Andy Roddick is following in footsteps of great sportsmen before him

by: Cindy Shmerler | December 14, 2016


It’s been more than 35 years since Ronald Reagan stated, during his first inaugural address, “Those who say that we’re in a time when there are no heroes, they just don’t know where to look.” We discovered heroes in every state, starting with the determined 69-year-old who won a match at an ITF Pro Circuit event earlier this year in the Alabama town of Pelham, and culminating with the coach who has overcome multiple sclerosis to build a winning program at the University of Wyoming. Their compelling stories of courage, perseverance and achievement demonstrate that the message delivered by our 40th President rings as true today as it did then.


Andy Roddick spent just the first four years of his life in Nebraska, but the Omaha native has never lost his Midwestern values.

Though tennis-reared in Boca Raton, FL, and now raising his own young family in Austin, TX, Roddick—the 2003 U.S. Open champion—has spent much of his life living by Nebraska’s state motto, “Equality Before the Law.” He has done so by helping provide equal opportunities for the children of Austin.

“As a tennis player, I was lucky,” says the 34-year-old Roddick, who retired from the ATP tour four years ago. “My parents could afford to give me a lot of opportunities. I can’t relate to these kids [we’re serving.] I don’t know what they’re going through.

“But I do have the ability to pay it forward,” adds Roddick, the former world No. 1 who has a one-year-old son, Hank, with wife Brooklyn Decker. “Arthur Ashe and Billie Jean King had causes that they stood for. Andre [Agassi] in Las Vegas and Roger [Federer] in Africa. I’m a by-product of that culture.”

It was Agassi, Roddick says, who changed the trajectory of the young tennis player’s life. When Roddick was 17, Agassi asked him to serve as a practice partner. A discussion ensued, during which Roddick asked his idol, then age 29, if he had any regrets.

“I wish I hadn’t waited so long to start my foundation,” said Agassi, who has raised more than $180 million over the last 22 years for the Andre Agassi Foundation for Education, which includes the Andre Agassi Preparatory Academy in Las Vegas.

Roddick took Agassi’s words to heart and, before he was even old enough to vote, started his own foundation. First located in Boca Raton and now in Austin, the Andy Roddick Foundation is focused on closing the educational gap by providing year-round programs and opportunities for the children of Austin. They include everything from after-school career field trips to educational programs.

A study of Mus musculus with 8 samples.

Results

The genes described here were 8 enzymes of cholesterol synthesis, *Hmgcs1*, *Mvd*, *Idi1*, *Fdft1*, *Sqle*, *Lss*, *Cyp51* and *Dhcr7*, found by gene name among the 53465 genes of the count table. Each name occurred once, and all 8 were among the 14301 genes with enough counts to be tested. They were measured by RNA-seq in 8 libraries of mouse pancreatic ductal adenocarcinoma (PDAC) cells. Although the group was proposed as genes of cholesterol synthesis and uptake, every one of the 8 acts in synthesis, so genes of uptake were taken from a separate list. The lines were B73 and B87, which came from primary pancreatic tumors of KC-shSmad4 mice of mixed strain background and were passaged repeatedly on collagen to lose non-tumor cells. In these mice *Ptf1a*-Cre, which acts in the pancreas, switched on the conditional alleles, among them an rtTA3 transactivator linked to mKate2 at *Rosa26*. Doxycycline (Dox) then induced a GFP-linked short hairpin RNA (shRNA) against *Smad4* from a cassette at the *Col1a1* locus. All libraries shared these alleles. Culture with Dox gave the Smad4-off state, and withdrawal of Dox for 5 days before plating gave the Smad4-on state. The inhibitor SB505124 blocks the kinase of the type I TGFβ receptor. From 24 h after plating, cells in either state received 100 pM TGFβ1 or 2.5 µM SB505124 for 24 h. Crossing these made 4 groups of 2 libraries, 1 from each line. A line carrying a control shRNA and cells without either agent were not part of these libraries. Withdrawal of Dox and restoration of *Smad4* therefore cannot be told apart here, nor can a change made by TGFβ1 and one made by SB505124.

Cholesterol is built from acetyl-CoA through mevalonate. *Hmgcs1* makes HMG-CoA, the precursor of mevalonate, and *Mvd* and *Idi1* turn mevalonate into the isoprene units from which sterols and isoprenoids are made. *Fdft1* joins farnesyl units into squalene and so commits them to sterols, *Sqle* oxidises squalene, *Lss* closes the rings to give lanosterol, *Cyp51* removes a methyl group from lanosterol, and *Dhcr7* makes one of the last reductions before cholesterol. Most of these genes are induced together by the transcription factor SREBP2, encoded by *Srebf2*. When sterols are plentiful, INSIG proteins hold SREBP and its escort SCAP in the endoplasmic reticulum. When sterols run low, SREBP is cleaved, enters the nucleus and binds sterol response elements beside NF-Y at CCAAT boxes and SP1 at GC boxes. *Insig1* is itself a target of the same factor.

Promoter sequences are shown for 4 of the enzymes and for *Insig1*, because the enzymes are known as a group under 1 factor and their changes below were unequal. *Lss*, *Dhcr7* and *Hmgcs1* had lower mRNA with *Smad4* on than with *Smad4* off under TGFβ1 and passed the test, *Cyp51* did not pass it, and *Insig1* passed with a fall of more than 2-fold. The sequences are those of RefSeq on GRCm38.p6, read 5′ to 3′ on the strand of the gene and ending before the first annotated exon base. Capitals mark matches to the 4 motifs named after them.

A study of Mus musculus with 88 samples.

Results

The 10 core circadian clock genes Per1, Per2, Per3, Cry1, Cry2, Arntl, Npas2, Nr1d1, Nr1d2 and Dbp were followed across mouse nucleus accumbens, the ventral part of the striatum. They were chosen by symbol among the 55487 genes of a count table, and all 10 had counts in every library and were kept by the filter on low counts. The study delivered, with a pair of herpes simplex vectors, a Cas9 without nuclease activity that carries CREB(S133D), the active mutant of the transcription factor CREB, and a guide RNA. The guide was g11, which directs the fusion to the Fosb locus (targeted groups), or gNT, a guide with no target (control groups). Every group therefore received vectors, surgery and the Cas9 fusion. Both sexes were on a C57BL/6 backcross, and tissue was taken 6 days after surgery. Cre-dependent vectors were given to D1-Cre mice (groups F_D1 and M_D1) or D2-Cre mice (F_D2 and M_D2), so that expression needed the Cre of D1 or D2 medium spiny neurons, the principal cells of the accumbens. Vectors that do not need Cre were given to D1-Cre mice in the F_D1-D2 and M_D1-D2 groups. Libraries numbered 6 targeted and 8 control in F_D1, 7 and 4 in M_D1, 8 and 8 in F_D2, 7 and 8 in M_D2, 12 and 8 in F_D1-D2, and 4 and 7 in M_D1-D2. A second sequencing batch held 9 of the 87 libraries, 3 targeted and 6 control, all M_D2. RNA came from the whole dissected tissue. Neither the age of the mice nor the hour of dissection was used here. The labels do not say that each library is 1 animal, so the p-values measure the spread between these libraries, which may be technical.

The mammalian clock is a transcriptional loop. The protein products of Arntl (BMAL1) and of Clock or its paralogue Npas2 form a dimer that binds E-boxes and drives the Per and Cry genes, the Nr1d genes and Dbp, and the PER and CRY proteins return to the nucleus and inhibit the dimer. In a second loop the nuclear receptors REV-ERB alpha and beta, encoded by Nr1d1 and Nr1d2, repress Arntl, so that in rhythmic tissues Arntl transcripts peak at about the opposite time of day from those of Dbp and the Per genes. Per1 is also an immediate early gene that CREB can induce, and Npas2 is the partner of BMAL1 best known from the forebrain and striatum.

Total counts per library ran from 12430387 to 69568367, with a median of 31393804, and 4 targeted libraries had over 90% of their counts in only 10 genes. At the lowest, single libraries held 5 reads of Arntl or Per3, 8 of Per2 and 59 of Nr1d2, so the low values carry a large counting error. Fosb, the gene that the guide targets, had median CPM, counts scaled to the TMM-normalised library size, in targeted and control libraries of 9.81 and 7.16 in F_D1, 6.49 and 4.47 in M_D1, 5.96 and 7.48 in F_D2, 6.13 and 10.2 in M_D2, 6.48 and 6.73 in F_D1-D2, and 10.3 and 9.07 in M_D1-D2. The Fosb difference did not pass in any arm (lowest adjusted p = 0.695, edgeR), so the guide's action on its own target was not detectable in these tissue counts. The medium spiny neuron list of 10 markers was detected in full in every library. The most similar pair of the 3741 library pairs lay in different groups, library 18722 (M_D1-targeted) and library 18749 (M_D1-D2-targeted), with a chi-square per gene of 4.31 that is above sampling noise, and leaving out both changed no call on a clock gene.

This past summer, some 90 children gathered at Pecan Springs Early College Prep elementary school in East Austin to partake in a six-week learning and enrichment opportunity aimed at ensuring that skills learned throughout the school year do not erode during the summer. The students spent each week “traveling through time” from the 1900s to 2016, studying a decade a week, all the while learning about history, science, literature and the arts. They also performed community-service projects.

Many former athletes give back by providing athletic opportunities to under-served populations, but not Roddick. He jokes that many of the students he works with have no idea that he ever played at Wimbledon, let alone was runner-up on Centre Court three times.

“We work with the Austin Parks and Rec to provide daily general health activities for the kids,” says Roddick, “but this is not a tennis-based program. Tennis was my thing. I don’t think my passion has to be their passion.

“We believe not only in cognitive learning, but in teaching practical skills like finance and team building, even how to balance a checkbook. Sports matter, but so do creative outlets. We even brought in Keith Kreeger, a local pottery-maker, to show the kids what he does. We try hard to provide a lot of different experiences.”

Roddick knows that his greatest attribute as a fundraiser is his ability to talk to donors, which has allowed him to amass more than $20 million in contributions over the years. That money means more programs and more chances for advancement.

Not long ago, Roddick was walking through a breezeway at Pecan Springs when he was stopped by a school janitor who had worked there for more than 25 years.

“He looked at me and said, ‘Hey, are you that Roddick guy?’” Roddick remembers. “I wasn’t sure how to react or what he was going to say. But he just looked at me and said, ‘Over the last three months I’ve seen this school and these kids ticking like never before.’ It really made it all worthwhile.”